Raleigh, N.C. — State lawmakers are considering making divorces harder to get in North Carolina.
Senate Bill 518, dubbed the Healthy Marriage Act, would double the one-year waiting period before a divorce could be granted and would require husband and wife to receive conflict resolution counseling, as well as counseling if they have children. Supporters said they believe the restrictions will help cut the state's divorce rate.
"North Carolina has a very high divorce rate – one of the worst – and it's probably because we've been lax in our divorce laws. Made it too easy," said bill sponsor Sen. Austin Allran, R-Catawba.
North Carolina's divorce rate was 3.8 per 1,000 marriages in 2009, compared with the U.S. rate of 3.4 divorces, according to the most recent Census Bureau statistics. The state ranked 19th nationwide.
Tara Benson, whose divorce will be final at the end of the month, said she doesn't think another year of pain would have saved her marriage. She said she got married too young, and it simply didn't work.
"One year was definitely long enough, and it was too long in a lot of senses," Benson said. "I just think it delays the inevitable and just hurts in the process. It just draws out a process that you don't want to have to deal with."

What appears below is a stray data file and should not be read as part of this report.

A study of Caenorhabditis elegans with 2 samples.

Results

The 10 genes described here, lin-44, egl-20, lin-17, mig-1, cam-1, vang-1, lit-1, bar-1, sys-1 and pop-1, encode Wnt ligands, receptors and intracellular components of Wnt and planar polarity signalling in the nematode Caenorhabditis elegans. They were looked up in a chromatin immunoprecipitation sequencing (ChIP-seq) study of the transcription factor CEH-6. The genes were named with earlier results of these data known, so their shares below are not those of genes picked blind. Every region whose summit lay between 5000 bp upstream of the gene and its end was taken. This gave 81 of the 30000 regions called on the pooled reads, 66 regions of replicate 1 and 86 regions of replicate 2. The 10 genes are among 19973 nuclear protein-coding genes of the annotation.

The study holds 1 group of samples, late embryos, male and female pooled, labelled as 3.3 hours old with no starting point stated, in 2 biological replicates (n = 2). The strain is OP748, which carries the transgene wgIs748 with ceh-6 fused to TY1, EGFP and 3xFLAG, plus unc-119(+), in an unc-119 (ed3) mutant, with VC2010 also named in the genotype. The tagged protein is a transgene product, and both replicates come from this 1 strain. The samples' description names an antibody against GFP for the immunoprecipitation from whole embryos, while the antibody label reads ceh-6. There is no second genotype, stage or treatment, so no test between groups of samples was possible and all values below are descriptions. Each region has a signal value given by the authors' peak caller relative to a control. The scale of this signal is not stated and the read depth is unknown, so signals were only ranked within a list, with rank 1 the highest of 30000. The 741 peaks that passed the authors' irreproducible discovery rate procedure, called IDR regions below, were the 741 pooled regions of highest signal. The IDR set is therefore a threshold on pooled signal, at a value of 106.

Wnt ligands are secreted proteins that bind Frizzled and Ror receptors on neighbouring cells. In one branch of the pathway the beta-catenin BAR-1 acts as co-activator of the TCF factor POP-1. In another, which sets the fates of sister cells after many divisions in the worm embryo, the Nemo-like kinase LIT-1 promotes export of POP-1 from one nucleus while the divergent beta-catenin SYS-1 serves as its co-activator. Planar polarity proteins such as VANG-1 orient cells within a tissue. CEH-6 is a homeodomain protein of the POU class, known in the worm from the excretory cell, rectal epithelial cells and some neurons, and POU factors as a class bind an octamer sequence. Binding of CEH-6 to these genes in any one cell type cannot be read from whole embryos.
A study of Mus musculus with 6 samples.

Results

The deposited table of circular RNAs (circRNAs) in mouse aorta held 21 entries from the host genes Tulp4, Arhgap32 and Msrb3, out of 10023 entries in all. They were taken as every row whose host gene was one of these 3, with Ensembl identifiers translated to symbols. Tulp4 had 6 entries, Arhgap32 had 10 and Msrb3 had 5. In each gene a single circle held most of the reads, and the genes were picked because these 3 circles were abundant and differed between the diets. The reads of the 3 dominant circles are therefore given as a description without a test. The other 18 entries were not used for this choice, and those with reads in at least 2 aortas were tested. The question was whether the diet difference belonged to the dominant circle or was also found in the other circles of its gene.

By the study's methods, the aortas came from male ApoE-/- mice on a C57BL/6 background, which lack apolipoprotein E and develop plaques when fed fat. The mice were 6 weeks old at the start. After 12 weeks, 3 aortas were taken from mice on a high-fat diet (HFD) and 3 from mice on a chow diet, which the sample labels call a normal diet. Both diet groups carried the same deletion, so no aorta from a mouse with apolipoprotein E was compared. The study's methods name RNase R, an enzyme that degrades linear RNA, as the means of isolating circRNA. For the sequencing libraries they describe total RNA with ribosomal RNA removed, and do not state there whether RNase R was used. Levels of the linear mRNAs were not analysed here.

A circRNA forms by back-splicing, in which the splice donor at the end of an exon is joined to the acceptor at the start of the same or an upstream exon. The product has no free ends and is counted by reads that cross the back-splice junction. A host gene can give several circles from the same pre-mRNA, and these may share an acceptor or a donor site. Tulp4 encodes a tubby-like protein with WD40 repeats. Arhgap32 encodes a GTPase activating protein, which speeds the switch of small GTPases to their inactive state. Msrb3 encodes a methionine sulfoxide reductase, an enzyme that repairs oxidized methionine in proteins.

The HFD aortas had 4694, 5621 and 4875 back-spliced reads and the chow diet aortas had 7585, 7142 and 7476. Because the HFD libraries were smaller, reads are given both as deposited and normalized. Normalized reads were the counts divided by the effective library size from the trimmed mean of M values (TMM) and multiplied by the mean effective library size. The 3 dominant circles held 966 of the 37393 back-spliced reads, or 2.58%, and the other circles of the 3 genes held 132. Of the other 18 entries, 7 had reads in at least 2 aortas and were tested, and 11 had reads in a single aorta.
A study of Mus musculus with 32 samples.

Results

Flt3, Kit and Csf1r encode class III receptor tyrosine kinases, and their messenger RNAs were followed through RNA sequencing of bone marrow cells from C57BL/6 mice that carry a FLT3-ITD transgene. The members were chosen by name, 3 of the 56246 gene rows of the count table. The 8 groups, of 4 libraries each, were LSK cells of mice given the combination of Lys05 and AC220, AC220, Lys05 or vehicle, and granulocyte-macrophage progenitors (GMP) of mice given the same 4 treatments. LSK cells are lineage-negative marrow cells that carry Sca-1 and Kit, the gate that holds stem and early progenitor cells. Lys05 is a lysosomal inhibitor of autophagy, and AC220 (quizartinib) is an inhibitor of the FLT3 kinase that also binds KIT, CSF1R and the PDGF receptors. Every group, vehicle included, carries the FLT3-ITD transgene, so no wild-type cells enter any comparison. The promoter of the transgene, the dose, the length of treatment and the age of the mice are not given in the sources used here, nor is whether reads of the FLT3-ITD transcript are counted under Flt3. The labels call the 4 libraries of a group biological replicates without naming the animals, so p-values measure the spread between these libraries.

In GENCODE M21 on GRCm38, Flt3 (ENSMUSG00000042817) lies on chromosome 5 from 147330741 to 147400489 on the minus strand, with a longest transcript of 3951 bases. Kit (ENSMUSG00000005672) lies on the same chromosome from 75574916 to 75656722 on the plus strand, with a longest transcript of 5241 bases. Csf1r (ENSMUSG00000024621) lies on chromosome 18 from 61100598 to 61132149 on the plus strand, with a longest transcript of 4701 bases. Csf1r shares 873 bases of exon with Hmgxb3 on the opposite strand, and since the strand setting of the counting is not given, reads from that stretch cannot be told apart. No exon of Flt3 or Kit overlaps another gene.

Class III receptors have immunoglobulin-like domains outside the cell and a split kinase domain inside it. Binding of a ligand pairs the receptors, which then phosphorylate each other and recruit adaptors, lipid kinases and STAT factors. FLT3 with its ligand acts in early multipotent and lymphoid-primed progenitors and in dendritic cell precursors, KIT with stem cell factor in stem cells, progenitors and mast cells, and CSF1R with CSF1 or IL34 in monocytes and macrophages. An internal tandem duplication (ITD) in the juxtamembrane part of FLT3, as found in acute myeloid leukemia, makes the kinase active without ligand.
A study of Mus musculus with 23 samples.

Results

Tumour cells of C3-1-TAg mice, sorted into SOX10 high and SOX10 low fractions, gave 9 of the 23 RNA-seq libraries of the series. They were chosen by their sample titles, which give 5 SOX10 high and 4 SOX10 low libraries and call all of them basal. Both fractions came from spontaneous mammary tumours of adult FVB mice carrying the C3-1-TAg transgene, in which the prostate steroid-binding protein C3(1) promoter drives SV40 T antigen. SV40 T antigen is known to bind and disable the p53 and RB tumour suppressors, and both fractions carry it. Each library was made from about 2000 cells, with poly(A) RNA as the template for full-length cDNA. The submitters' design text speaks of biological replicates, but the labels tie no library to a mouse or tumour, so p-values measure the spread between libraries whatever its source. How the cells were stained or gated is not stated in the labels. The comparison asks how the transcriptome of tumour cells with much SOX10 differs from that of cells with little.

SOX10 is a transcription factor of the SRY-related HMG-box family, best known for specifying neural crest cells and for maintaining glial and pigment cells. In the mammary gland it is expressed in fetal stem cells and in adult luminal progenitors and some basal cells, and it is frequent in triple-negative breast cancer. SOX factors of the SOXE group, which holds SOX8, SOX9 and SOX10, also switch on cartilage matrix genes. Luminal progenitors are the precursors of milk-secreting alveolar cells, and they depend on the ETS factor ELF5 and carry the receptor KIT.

North Carolina's one-year waiting period is already longer than most other Southeast states. Georgia and Tennessee, for example, require only a few weeks before a divorce is granted, and Florida couples can file online to have their marriages dissolved. Virginia and South Carolina require no more than a year's wait, and Alabama has no waiting period.
Allran said he also wants to scrap the mandatory separation during the waiting period and have couples remain under the same roof.
"Instead of telling people that they cannot cohabitate during that period of time because, after all, they are married, if they would be able to continue (living together)," he said.
The proposal doesn't offer any exceptions for domestic violence or abuse, but Allran said he might add that to the bill before its first hearing in committee, which could come this week.
Benson said lawmakers shouldn't try to make divorce any more difficult to endure for people trying to put a mistake behind them and get on with their lives.
"Neither one of us wanted to be in it anymore. We were both done," she said. "Let's move on with our lives. I've moved on, you moved on. We're both a lot happier now."